Filipino society to host relief benefit | The Triangle

Filipino society to host relief benefit

In the winter term, the Filipino Intercultural Society of Drexel University will be holding a fundraiser to assist the people affected by the earthquake that shook the Philippines earlier this season as well as those devastated by Typhoon Haiyan.

Their hope is to host a coffeehouse concert on campus that will feature Drexel’s a cappella groups and Greek Life organizations.

Along with hosting the concert, FISDU is also seeking donations from the Drexel community to send to the Philippines. Clothing, medicine, bandages and any other items that will help improve the quality of life in the Philippines are in high demand.

Typhoon Haiyan Kills Thousands In Philippines

“Honestly, Filipinos see the Philippines as their family. Any time we go to the Philippines, everyone is your friend. Everyone is fun. Everyone is a part of you. You have close relationships. And so if it hits any part of the Philippines, everyone is affected. Everyone is sad even if your family hasn’t been affected directly. You still feel for them,” Damie Juat , internal vice president of FISDU and a sophomore biological sciences major, said.

A 7.2 magnitude earthquake hit the Philippines Oct. 15, leaving more than one hundred dead and many others injured or displaced.

Typhoon Haiyan, a Category 5 storm, made landfall in the Philippines early Nov. 8. The wind gusts during the storm were some of the highest ever recorded, reaching 195 miles per hour. The death toll for the entire area known as the Philippines, which includes 7,107 islands in the Pacific Ocean, has reached over 4,000 people. Over 13 million people have been affected by the storm in some way.

“I feel like people are forgetting about the earthquake. It destroyed about 70,000 homes and monuments in the Philippines. I just want people to know that it isn’t just this one thing that happened,” Juat said.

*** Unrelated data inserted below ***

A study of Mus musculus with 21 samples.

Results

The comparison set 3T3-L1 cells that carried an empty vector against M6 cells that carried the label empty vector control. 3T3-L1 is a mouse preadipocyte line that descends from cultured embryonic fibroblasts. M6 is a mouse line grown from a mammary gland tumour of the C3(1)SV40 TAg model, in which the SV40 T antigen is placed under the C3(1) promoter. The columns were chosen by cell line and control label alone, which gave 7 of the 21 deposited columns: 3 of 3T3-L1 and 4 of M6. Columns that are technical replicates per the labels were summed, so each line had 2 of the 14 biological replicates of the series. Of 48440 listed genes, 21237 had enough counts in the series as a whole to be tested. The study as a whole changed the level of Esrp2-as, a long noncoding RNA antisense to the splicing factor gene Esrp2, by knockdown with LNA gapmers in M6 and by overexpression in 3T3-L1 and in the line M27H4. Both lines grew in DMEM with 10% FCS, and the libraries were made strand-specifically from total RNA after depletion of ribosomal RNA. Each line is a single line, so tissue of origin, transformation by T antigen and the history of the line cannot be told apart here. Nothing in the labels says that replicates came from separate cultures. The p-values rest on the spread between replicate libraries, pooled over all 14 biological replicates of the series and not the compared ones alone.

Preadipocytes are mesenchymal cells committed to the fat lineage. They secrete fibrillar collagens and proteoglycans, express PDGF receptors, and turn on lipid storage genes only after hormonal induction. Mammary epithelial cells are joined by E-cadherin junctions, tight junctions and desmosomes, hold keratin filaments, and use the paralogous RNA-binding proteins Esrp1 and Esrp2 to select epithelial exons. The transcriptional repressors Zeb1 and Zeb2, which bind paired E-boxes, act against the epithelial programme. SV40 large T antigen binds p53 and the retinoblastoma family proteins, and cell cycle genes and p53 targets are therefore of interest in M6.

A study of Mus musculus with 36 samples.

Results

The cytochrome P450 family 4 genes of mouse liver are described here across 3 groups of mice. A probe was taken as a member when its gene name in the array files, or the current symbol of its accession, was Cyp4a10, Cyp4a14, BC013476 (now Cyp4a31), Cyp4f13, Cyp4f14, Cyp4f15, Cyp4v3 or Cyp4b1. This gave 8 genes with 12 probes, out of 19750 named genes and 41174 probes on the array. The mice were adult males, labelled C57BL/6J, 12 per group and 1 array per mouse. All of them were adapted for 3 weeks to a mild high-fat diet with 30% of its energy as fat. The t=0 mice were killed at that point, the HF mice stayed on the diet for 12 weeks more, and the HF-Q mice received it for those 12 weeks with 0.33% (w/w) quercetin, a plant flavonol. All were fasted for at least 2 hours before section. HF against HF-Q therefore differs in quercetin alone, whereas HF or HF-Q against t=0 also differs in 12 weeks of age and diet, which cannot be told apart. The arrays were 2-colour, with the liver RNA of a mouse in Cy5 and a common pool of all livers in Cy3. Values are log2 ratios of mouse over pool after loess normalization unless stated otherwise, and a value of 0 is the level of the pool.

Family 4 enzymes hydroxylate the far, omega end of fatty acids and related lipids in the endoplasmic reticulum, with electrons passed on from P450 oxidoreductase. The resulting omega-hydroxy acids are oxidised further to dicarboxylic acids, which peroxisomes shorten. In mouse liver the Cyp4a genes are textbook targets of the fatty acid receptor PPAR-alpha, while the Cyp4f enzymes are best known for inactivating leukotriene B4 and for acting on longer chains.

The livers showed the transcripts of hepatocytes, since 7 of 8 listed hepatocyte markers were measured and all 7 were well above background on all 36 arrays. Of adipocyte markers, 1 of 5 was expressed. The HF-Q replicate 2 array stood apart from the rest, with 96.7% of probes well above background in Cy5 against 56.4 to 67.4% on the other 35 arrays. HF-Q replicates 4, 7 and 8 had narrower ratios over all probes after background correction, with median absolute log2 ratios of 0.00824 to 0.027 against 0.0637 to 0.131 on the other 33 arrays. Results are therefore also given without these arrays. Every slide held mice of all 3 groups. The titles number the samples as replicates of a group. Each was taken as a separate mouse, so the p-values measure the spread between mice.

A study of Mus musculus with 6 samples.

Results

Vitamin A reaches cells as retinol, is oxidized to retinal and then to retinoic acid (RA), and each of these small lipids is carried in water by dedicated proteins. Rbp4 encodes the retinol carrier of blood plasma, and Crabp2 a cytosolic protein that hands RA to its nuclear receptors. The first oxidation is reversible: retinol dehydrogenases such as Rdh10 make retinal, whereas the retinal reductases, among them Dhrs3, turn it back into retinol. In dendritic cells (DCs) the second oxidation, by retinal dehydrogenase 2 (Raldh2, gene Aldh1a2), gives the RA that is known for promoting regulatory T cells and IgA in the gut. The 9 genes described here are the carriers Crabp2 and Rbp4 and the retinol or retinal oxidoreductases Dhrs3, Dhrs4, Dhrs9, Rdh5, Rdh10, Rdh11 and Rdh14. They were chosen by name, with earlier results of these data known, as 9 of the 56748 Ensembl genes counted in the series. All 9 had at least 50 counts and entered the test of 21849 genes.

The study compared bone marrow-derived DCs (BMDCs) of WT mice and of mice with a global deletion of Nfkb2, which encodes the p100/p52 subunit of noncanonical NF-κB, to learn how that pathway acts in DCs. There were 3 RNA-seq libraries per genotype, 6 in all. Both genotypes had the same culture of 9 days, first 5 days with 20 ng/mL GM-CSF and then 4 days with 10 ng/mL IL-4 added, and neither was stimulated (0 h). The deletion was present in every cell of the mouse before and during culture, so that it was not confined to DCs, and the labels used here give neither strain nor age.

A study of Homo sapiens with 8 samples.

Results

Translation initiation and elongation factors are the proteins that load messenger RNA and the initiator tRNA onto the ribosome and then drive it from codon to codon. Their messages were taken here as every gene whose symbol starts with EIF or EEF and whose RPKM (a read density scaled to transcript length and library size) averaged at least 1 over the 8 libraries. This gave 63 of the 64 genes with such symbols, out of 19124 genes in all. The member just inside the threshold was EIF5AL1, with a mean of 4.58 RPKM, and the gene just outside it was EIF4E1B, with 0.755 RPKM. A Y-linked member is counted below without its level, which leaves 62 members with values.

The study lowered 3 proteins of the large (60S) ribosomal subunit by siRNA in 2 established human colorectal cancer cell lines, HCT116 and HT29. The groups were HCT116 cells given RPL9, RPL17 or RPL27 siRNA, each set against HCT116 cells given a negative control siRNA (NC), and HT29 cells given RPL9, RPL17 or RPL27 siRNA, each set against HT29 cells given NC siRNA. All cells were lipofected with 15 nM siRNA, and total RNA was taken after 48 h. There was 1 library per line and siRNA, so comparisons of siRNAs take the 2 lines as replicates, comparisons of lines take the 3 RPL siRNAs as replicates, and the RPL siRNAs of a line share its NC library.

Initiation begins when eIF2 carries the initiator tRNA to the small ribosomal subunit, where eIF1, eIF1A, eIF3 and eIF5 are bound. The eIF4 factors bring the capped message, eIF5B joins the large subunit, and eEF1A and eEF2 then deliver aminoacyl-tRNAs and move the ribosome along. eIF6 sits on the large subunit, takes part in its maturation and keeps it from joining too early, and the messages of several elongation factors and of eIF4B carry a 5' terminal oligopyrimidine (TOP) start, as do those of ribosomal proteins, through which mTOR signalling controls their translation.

FISDU usually focuses on spreading the Filipino culture on and around campus. The society has approximately 70 active members this year. FISDU meets in room 120 of the Constantine Papadakis Integrated Sciences Building. The society is open to all members of the Drexel community regardless of age or race.

“We actually just want to spread the Filipino culture because a lot of people know the Chinese culture and the Japanese culture, but no one really knows what the Filipinos are all about. We are also trying to spread awareness for any destruction that happens in the Philippines,” Juat said.

In an attempt to spread awareness across the United States, FISDU is working with Filipino societies from other universities in Illinois, Wisconsin, Texas, New Jersey and California. These groups hope to sell a universal T-shirt, the proceeds of which would benefit the Philippines.

“We are actually trying to spread it throughout, and we are hoping that the shirts will get everywhere. It is kind of a big dream but you know, it could happen,” Juat said.

FISDU will host its annual culture show, Barrio, April 25-26 of next year. This event will consist of the Filipino national anthem, cultural dances and many other Filipino-themed activities.